News Roundup: Border Mayors Meet With Homeland Security Chief

Our daily look at Texas headlines.

By Alexandra HartJuly 12, 2019 1:03 pm

The acting sectretary of the Department of Homeland Security was in El Paso Thursday.

As Mallory Falk reports, the visit comes amid accounts of overcrowded conditions at detention facilities.

Kevin McAleenan held a roundtable with mayors from several cities along the southwest border, including Las Cruces, New Mexico and Yuma, Arizona. They asked questions and shared concerns about how immigration policies are affecting their communities.

El Paso Mayor Dee Margo spoke at a press conference after the meeting. He has concerns about Customs and Border Protection officers being reassigned to other parts of the border, adding that’s led to long wait times on international bridges, in turn slowing down commerce.

“One of the things I want to get in there that I asked specifically about for us in El Paso is to please staff the bridges fully,” Margo says.

McAleenan also toured several Border Patrol stations, including a facility in Clint that recently came under fire, after reports of unsafe conditions for migrant children.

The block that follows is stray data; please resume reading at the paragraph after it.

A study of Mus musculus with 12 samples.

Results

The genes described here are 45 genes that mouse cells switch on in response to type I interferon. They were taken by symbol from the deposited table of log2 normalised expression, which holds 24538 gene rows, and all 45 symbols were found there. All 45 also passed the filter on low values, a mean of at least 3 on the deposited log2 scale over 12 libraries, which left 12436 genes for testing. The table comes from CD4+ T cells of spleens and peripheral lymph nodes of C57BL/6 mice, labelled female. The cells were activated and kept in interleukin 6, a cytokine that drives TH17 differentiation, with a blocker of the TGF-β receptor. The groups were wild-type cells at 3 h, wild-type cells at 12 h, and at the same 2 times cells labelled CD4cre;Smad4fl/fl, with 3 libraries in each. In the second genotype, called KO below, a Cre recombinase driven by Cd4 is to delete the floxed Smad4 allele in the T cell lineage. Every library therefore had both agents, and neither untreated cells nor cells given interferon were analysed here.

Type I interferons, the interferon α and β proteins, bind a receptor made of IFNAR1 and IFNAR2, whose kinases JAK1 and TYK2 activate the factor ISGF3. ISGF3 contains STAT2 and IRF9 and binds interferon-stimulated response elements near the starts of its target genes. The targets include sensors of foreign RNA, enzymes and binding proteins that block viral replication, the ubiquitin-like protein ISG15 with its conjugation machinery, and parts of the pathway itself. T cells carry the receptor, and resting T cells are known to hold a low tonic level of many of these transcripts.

Forecasters say Tropical Storm Barry is expected to become a hurricane before hitting the central Louisiana coast this weekend.

But Jeff Evans with the National Weather Service in Houston says Texas isn’t totally in the clear just yet.

“There’s still a little bit of uncertainty with how it’s gonna organize,” Evans says. “There’s also a few models that continue to hold a little more of a western track, or northwestern track I should say, even though those are the outliers, and most of the model consensus is this is gonna be a Louisiana storm.”

Evans says Texans should pay attention to Barry – because if it does shift west, it could happen late Friday evening, just before making landfall.

Business groups in San Antonio are mounting a legal challenge to halt an upcoming deadline for the city’s new paid sick leave ordinance.

Attorneys for several staffing agencies and business associations sent a letter Thursday to San Antonio city attorney Andrew Segovia seeking a meeting with city officials. That letter lists ten plaintiffs.

The ordinance requires employers to provide one hour of earned sick time for every 30 hours than an employee works.

That ordinance went into effect in January, but businesses with six or more employees have until August 1 to comply.

A spokeswoman with the city attorney’s office said that Segovia has agreed to a meeting but no date has been set.